Use Meal Prepping to Save Time and EnergyAug 11, 2018
Having a disability or chronic illness can make eating healthy an insurmountable challenge. Weekly meal prep let’s you spend the rest of your week focusing on your health instead of on what’s for dinner.
Step One: Figure Out Your Container Situation
I’d recommend pinking up something like these Bento boxes from Amazon. You don’t need these to get started, but meal prepping means that you’re going to be using a lot of storage containers. It might be good to have some dedicated solely to meal prepping.
Step Two: Decide What You Want to Eat for the Week
When deciding what meals you’re going to eat for the week, don’t overthink it. Don’t think “On Monday I’m going to have chicken with rice and cilantro with a side of beans”. Instead, think “I want to have a protein, a carb, and a vegetable every day this week.”
Step Three: Buy What You Need
If we base our meal plan off of the protein‐carb‐veggie example, what you need to buy is fairly straight forward.
Here’s an example meal/ingredient list:
- Boneless/skinless chicken breast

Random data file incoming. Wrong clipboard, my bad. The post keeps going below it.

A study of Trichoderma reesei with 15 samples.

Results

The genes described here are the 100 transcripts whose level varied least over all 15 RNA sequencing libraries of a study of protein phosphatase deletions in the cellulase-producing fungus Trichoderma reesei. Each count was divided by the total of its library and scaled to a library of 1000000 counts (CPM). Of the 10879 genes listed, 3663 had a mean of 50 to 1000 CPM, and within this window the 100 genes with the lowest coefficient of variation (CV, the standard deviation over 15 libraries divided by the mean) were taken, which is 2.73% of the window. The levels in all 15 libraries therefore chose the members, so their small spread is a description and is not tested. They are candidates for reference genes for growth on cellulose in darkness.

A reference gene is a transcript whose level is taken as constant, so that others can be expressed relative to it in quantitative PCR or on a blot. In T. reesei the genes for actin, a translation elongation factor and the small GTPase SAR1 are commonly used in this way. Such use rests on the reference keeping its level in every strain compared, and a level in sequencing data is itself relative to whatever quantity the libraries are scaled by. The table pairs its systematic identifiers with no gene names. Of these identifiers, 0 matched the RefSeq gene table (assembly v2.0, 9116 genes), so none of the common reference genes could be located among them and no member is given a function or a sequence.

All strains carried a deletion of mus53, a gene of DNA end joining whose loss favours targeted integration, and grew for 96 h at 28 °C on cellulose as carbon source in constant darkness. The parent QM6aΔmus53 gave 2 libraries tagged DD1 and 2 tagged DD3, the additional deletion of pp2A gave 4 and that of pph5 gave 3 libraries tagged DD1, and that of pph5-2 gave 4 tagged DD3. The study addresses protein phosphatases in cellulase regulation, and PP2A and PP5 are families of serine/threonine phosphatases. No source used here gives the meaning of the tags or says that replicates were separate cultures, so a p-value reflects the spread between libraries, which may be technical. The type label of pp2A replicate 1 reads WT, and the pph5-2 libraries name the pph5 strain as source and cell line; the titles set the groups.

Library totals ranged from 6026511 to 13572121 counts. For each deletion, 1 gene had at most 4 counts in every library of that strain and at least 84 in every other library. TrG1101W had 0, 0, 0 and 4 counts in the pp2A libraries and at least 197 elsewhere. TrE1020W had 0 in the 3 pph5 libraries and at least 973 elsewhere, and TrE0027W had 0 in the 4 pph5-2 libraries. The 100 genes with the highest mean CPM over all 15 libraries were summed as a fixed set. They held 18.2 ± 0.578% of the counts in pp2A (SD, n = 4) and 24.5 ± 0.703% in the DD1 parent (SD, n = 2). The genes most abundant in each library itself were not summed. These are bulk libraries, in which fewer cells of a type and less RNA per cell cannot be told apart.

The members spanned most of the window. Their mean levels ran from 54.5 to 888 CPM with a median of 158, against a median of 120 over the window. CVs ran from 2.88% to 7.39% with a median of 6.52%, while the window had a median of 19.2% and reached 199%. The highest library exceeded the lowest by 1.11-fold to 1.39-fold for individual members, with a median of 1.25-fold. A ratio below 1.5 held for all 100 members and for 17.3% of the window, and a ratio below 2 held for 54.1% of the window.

- Brown Rice
- Ground turkey
- Sweet potato
- Yellow squash
- Green beans
The goal is to buy enough food to make a five days worth of meals and to buy foods that are easy to assemble and cook en masse.
Step Four: Assemble Your Meals
Pick a day that you know is going to be the least stressful for you to prep your meals. This is going to take a fair amount of effort up front, but it will save you a lot of energy throughout the week. Here are some basic meal assembly tips:
- You can cook different kinds of proteins together at once if you line them all up on a baking sheet and use the oven. I’ve found that chicken, salmon and turkey can all cook together in about 15 minutes at 350F/176C
- You can steam almost any vegetable with a bowl, a little water, and a microwave.
- If you don’t want to deal with keeping and storing fresh produce, you can always use canned.
Once you’ve got everything cooked, lay out as many containers as you need for the week. Then, start filling each container with whatever combinations of food you want. Try to fill each container with the same ratio of proteins, carbs, and vegetables (a food scale can help with this).
Once you’ve assembled everything, stack your containers in the fridge.